Teachers Union Accuses Trump of Bullying Over Pressure to Reopen Schools

President Donald Trump has been accused of using bullying tactics as he vowed to pressure schools to reopen amid concerns over doing so due to the COVID-19 pandemic.

Trump yesterday insisted he would "put pressure on governors and everybody else to open the schools," stating he wants them to be up and running in the fall.

Education Secretary Betsy DeVos has also pushed for schools to fully reopen, insisting they need to do so full time.

These comments have been met with push back from groups representing educators across the United States, with National Education Association (NEA) President Lily Eskelsen García voicing concern over the Trump administration's push.

"It's just absolutely mind boggling to me to have Donald Trump have this press conference, this publicity stunt, about saying, 'I'm going to use my bully pulpit,' and he does mean bully, to pressure people to do something before it's safe," she said in an interview with CNN.

García also rejected medical guidance coming from Trump and DeVos, stating: "Please, under no circumstances take medical advice from Donald Trump or Betsy DeVos, especially when it comes to the health of your children."

She said the pair were "making a mockery" of the risks which could be posed by reopening schools to soon and, in separate comments, added: "America must listen to the health experts on when to reopen schools and to educators on how to return to in-person instruction."

The NEA alongside five other groups also representing teachers released a statement criticizing a "vacuum of leadership" in the Trump administration, criticizing its actions throughout the pandemic.

trump schools
President Donald Trump during a roundtable discussion on the Safe Reopening of Americas Schools during the coronavirus pandemic, in the East Room of the White House on July 7, 2020. Jim Watson/AFP via Getty Images

This said that while parents and school workers wish to see children back in the classroom, they wanted this to be done in "the safest way possible, not the most politically expedient way."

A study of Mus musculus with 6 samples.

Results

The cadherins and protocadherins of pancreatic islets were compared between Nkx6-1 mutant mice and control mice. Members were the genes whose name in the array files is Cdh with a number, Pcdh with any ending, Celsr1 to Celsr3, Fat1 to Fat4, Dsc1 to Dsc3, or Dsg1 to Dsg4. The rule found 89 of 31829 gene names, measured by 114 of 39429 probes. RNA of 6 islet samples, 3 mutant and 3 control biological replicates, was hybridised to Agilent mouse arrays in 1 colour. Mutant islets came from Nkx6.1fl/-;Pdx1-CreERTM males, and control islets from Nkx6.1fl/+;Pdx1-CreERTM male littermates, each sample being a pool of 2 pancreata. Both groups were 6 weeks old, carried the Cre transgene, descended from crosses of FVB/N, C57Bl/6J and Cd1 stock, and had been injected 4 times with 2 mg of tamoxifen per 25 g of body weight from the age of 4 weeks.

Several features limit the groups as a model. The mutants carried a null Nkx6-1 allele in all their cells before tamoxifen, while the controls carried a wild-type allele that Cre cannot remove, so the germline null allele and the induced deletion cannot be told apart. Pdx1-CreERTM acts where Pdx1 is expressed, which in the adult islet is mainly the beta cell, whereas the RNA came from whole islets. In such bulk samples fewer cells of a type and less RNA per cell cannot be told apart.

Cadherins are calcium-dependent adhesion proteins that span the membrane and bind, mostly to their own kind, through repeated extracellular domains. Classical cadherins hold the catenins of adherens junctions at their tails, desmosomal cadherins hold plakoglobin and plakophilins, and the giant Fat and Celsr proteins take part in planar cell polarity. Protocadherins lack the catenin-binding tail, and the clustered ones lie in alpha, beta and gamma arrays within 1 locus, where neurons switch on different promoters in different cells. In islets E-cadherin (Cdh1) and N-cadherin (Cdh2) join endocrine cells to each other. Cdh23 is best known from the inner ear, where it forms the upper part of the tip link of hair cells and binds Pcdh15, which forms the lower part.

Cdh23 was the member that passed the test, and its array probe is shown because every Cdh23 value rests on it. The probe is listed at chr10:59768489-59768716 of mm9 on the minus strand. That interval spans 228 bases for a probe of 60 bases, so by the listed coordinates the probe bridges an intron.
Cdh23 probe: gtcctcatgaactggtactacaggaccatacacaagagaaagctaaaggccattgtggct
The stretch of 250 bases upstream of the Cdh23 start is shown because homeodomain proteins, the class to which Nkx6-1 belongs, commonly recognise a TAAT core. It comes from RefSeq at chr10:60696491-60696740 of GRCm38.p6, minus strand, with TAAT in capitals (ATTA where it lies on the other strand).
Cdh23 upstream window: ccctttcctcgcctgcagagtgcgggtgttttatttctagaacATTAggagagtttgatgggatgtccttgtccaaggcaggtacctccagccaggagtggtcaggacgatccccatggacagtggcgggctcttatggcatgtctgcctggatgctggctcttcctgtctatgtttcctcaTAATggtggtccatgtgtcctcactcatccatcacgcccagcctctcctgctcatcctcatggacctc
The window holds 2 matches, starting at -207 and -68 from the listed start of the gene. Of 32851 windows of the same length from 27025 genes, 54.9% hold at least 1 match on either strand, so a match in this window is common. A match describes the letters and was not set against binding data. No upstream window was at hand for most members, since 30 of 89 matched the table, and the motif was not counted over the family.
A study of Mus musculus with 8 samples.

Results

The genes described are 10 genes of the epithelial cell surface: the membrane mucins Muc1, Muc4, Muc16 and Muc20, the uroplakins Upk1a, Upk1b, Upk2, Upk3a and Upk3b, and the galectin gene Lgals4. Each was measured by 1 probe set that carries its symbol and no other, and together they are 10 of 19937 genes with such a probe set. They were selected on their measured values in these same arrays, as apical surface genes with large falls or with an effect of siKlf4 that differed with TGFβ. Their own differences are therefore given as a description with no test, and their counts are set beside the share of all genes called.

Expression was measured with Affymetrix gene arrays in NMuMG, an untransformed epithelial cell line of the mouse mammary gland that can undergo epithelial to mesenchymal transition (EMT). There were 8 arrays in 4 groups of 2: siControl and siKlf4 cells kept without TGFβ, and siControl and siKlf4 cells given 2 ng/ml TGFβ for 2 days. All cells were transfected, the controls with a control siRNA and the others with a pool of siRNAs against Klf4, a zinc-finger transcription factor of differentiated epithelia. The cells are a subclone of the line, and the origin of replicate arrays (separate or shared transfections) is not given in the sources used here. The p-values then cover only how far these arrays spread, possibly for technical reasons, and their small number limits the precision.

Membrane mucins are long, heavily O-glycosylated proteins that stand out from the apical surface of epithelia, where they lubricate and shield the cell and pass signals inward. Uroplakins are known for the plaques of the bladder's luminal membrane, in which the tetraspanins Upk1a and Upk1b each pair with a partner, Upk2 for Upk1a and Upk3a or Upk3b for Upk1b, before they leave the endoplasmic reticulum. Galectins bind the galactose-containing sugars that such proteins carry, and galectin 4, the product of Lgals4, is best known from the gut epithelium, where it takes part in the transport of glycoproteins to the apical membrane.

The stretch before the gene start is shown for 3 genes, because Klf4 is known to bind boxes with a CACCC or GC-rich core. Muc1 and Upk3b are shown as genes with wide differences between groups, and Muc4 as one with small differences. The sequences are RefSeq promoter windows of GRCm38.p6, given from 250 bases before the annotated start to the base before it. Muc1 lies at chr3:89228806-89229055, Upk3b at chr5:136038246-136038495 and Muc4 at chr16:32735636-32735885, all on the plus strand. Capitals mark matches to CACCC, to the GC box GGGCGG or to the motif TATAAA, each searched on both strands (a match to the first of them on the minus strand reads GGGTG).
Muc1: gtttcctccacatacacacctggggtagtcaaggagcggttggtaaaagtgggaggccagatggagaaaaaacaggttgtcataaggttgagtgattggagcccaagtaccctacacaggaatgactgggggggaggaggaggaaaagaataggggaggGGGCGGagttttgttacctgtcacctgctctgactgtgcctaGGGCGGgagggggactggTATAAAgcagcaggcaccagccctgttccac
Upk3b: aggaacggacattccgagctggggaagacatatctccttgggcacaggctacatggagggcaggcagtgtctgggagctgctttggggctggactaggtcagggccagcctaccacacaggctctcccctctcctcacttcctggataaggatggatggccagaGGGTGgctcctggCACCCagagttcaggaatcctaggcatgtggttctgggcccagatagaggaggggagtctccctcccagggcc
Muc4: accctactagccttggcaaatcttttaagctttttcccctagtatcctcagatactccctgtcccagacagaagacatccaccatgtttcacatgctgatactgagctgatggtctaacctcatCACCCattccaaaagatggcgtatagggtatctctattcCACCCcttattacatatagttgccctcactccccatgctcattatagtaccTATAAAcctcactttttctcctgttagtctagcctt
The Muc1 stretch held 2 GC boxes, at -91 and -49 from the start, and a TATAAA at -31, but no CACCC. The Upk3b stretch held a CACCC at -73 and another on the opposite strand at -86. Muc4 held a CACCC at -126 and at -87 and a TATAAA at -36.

The statement said the White House and the U.S. Centers for Disease Control had "offered at best conflicting guidance for school reopening," while raising concerns of the danger of a return "without a comprehensive plan."

"Throughout this pandemic, the administration has failed to address the needs of students, especially those students who need the most support. They have failed to listen to families and public school educators who have been on the frontlines serving their communities. This vacuum of leadership leaves this administration with zero credibility in the minds of educators and parents when it comes to this major decision," it added, while calling for health experts to determine when schools should come back into full operation.

Lily Eskelsen Garcia
National Education Association President Lily Eskelsen Garcia speaks during a rally to deliver report cards to Secretary of Education Betsy DeVos outside the Department of Education February 8, 2018. She has been critical over the Trump administration's push for schools to return amid the COVID-19 pandemic. Alex Wong/Getty Images

"The president should not be brazenly making these decisions," it concluded.

"As parents, educators and administrators, we want to do what is best for students, and we are fighting for what we need to reopen schools safely. This administration and Congress must do better to partner with us and lead."

Randi Weingarten, president of the American Federation of Teachers (AFT), similarly called for methodical planning for a school return.

"Reopening schools doesn't happen with an all-caps tweet. It happens with careful planning to meets our students' well-being and academic needs, methodical attention to preventing virus spread in schools, and sufficient federal resources to help us get there. Science and safety come first," Weingarten said in a statement.

Both the NEA and AFT have endorsed Democratic candidate Joe Biden for president.

Newsweek has contacted the White House, the Department of Education and the CDC for comment.

Trump, discussing plans for reopening schools on Tuesday, insisted he wants schools open by the fall.

"It's very important for our country. It's very important for the wellbeing of the student and the parents," he said. "So we're going to be putting a lot of pressure on: Open your schools in the fall."

Teachers Union Accuses Trump of Bullying Over Pressure to Reopen Schools | U.S.